2 Trains Hit by Projectiles Minutes Before Amtrak Derailment - NBC 10 Philadelphia
Amtrak Train Derailment Philadelphia

Amtrak Train Derailment Philadelphia

Follow NBC10’s coverage of the deadly train derailment

2 Trains Hit by Projectiles Minutes Before Amtrak Derailment

2 Trains Hit by Projectiles Minutes Before Amtrak Derailment
SEPTA/Madison Calvert
Photos of damage to a SEPTA regional rail train and an Amtrak Acela train. The trains were damaged on the same line Amtrak Regional 188 was traveling before it derailed.

Minutes before Amtrak Regional 188’s violent derailment in darkness Tuesday, two other trains were hit by projectiles along the same line.

Amtrak Acela 2173 — heading to Washington, D.C. from New York — had a passenger window damaged around 9:15 p.m. as it traversed the southbound line toward Philadelphia’s 30th Street Station.

Madison Calvert was sitting next to the left-side window that was hit. He was working on his laptop computer when he heard a loud smack.

“I’m like ‘Oh my God, my window’s shattered,’” he recalled. The impact left a large divot and cracks throughout the window, as seen in photos the 29-year-old took.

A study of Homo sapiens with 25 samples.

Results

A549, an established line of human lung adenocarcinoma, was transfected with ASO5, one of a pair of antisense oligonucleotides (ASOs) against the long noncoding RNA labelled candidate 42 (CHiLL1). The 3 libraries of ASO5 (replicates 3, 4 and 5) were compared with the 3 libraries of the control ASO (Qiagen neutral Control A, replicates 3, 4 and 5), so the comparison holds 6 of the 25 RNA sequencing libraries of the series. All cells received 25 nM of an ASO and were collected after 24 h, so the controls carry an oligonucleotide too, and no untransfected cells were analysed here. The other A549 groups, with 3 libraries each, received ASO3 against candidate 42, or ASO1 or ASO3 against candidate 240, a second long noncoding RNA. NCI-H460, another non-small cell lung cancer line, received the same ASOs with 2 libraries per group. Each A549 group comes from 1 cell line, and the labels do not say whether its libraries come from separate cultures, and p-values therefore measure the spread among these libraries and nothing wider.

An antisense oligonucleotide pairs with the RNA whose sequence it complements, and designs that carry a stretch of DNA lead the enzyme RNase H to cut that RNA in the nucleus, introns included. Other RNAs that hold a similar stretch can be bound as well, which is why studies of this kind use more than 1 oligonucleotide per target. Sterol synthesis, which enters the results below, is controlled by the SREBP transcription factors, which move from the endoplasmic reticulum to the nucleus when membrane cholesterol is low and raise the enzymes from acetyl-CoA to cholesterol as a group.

Calvert texted his wife at 9:18 p.m., shortly after the window was hit, he said. The train arrived at 30th Street Station moments later and two Amtrak Police officers came onboard to inspect the window, he said. After a few minutes and a snap of photos, the train continued on to Washington.

A short time before the Acela was hit, at 9:05 p.m., a SEPTA Regional Rail train running northbound on adjacent tracks toward Trenton, New Jersey had the engineer’s window shattered by an unknown projectile, the transit authority confirmed. NBC10 previously reported this incident on Wednesday.

Amtrak 188 derailed around 9:20 p.m. as it entered a curve at the Frankford Junction traveling in excess of 100 mph. The crash killed eight people and injured over 200.

A SEPTA spokeswoman told NBC10 officials don’t believe the projectile was connected to the derailment. Mayor Michael Nutter reiterated this point at a news conference on Wednesday.

But with two similar incidents and a derailment to take place in the same area, Calvert, who says he’s a regular Amtrak commuter, remained skeptical.

“That’s not random. It’s just impossible,” he said Thursday.

Amtrak has not commented on the Acela incident and did not return a request for comment.